Bidibidi Refugee Camp
Bidibidi Bible Training Center, in the South Sudanese Refugee Camp, is entering term 3. Typically the Biblical Training Schools/Bible Training Center's run one week a month for about one year, including classes, exams and graduation. Because our refugee friends have the available time, and we have the lodging, the class in Bidibidi is running two straight weeks each month.
One of the alarming statistics that we learned is that about 3/4 of the people in South Sudan cannot read. With that in mind, it is incredible that we have 65 students in attendance whose English is fluent enough to follow along with the studies. There were only 5 we had to turn away because of the English requirement. We are hoping we will be able to do another school in Arabic soon. Can you imagine!? We are so excited to teach the Bible in Arabic!
We did extensive interviews with each person seeking to enroll. During the interviews we asked each potential student to share their testimony. Many students spoke of the difficulty of the journey to the refugee camp and the Lord's provision of safety for them. Many of the students were able to give testimony of the Lord's work in their life, but unable to communicate how they had received salvation. We have no doubt that this Bible School will not only ground people in their faith, but will bring many to saving faith as well.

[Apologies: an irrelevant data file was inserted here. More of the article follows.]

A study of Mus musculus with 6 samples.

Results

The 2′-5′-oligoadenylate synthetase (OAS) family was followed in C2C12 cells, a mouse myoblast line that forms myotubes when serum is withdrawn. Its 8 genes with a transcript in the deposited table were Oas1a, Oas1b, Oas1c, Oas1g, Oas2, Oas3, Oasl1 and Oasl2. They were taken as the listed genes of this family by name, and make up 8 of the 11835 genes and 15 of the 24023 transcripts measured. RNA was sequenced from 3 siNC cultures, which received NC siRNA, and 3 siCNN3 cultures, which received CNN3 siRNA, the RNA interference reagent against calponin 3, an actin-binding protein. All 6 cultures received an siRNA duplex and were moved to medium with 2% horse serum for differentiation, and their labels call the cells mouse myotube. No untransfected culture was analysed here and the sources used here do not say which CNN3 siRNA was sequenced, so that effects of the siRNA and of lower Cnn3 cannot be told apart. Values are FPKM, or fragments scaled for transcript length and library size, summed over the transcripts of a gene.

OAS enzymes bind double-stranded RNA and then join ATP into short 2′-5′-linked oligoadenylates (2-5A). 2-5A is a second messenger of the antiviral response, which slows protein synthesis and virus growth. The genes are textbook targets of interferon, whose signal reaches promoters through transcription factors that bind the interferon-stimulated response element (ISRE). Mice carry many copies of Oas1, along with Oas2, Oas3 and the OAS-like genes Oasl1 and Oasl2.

The first Sunday we were there, Jacob Kasule, one of our Bible Trainers, had the privilege of preaching. Four men accepted Christ during the service. We were shocked to see that all four of the new believers stayed after the service to help us set up the dorm room and even signed up for the school. I am happy to report that each of these men have completed the first two terms. One young man by the name of Wallace assured Brian as we left the camp, "I will remain."
There are several young women attending the class as well. Four of them have young children. They sit on a mat at the back of the class keeping their toddlers occupied as they take turns writing notes and nursing. One of these ladies, Paipa, shared the ladies' story. She said "We have all been in the camp for over a year. We do not know where our husbands are. We don't know if they are fighting or if they are dead. Our husbands don't know if we made it to the camp or not. There is no communication into South Sudan. We are on our own and life is tough." I took a few minutes to encourage the ladies to persevere and to help each other. During the difficult times in my life, it was only God's Word that carried me through and I am assured that it will be their hope as well. They were encouraged.
At the end of the second week of class, students voiced their appreciation for the program. They already see that their lives will never be the same. A majority of these students are not pastors, but see the need to share the knowledge they are learning, They are already strategizing to plant churches as soon as they return to South Sudan. The 65 students represent 8 different tribes from all 6 regions/states of South Sudan. The impact of this class alone could be tremendous. The students see themselves, not just as refugees but as missionaries.
The Pastor overseeing the school at the camp has planted 28 churches in the refugee camp over the last year with the goal of many more.